The five best concerts in Denver this week
Aaron Thackeray The Darkness is one of the five best concerts in Denver this week.
Another week, another swell roster of music in the Mile High City. From the bacchanalian throwback debauchery of the Darkness, who will be invading the Summit Music Hall, to the lyrical thriftiness of Macklemore, who is set to headline Icelantic's second annual edition of Winter on the Rocks, there are plenty of great shows worth staying up late for this week. We've got every last one of them listed in our concert calendar, or if you'd prefer, we've singled out the five best concerts in Denver this week. Keep reading to see what made the cut, and feel free to weigh in with some picks of your own.
5. AGENT ORANGE @ LARIMER LOUNGE | FRI, 2/1/13
Though birthed in the dysfunctional cradle of the Southern California hardcore scene, Agent Orange never stuck to convention. Although the group's debut, Living in Darkness, contained the instant punk-rock classic "Bloodstains," the outfit's influential sound is equal parts hardcore, power pop and surf rock. At heart, though, as evidenced by its ferociously fun live shows, Agent Orange is really nothing less than an outstandingly entertaining rock-and-roll band. The group's influence can be still be heard in many of the punk bands that followed in its wake. Though never as commercially successful as its followers -- like the Offspring -- Agent Orange has nonetheless maintained its underground credibility. Touring consistently since the early '80s, Fullerton's favorite sons make a great case for sticking with what you do best. Never ones to follow contemporary fashion, the members of Agent Orange have found their own musical formula, which is, well, killer.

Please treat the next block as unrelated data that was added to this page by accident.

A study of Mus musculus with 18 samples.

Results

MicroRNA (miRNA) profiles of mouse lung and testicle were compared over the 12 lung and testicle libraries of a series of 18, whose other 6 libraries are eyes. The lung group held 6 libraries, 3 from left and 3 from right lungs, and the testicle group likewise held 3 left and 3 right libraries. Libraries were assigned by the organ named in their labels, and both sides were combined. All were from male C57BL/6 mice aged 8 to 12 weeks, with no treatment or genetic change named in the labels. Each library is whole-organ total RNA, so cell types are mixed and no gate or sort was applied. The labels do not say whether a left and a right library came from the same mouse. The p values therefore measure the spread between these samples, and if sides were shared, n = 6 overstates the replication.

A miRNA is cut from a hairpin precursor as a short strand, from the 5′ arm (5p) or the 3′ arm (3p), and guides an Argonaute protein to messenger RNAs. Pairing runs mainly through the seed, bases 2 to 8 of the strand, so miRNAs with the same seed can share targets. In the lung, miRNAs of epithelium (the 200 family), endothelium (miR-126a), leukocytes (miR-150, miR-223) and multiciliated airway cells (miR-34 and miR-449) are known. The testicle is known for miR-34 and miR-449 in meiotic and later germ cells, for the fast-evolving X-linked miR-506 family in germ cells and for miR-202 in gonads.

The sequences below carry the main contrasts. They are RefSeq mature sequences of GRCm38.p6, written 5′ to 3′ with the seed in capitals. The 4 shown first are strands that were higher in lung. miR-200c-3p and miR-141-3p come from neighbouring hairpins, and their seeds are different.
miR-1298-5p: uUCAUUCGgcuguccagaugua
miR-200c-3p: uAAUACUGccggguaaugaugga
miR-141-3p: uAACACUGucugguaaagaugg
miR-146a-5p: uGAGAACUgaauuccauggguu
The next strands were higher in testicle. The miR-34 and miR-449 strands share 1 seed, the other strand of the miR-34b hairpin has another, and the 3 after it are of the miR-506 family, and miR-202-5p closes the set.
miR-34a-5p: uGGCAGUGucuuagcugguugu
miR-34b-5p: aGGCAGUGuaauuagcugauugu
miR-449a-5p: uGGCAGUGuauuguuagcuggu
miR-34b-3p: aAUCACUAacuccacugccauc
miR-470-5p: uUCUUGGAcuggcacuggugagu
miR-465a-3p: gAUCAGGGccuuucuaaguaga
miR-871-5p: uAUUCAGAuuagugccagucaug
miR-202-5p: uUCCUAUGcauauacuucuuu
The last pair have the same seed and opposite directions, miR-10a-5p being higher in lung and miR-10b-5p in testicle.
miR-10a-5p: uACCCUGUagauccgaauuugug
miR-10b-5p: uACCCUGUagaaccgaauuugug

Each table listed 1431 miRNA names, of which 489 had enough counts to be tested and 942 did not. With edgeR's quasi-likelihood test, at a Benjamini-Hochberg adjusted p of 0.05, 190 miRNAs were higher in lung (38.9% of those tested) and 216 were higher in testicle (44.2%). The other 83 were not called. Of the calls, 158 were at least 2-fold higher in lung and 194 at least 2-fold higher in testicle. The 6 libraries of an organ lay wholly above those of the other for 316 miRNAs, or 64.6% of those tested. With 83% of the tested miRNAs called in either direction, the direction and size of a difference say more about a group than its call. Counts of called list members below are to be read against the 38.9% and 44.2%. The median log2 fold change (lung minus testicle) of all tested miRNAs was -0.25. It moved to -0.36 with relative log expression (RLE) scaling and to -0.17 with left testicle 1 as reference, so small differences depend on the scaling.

4. RJD2 @ BLUEBIRD THEATER | FRI, 2/1/13
The last time RJD2 took to the small, technology-overwhelmed stage of the Bluebird almost exactly a year ago, the DJ/producer was barely recognizable behind a Daft Punk-style robot mask and the sound effects box strapped to his waist like an oversized graphing calculator. Like Girl Talk, the campier, glitchier producer he is often compared to, this is a performance that depends largely upon preparation and timing, though it relies much more heavily on technical DJ skills. Onstage, Ramble John Krohn manipulates four turntables, an impressive stack of vinyl and various effects setups for roughly an hour and a half. Backlit in alternating red, blue and green, the spread is as much a part of the show as its puppet master.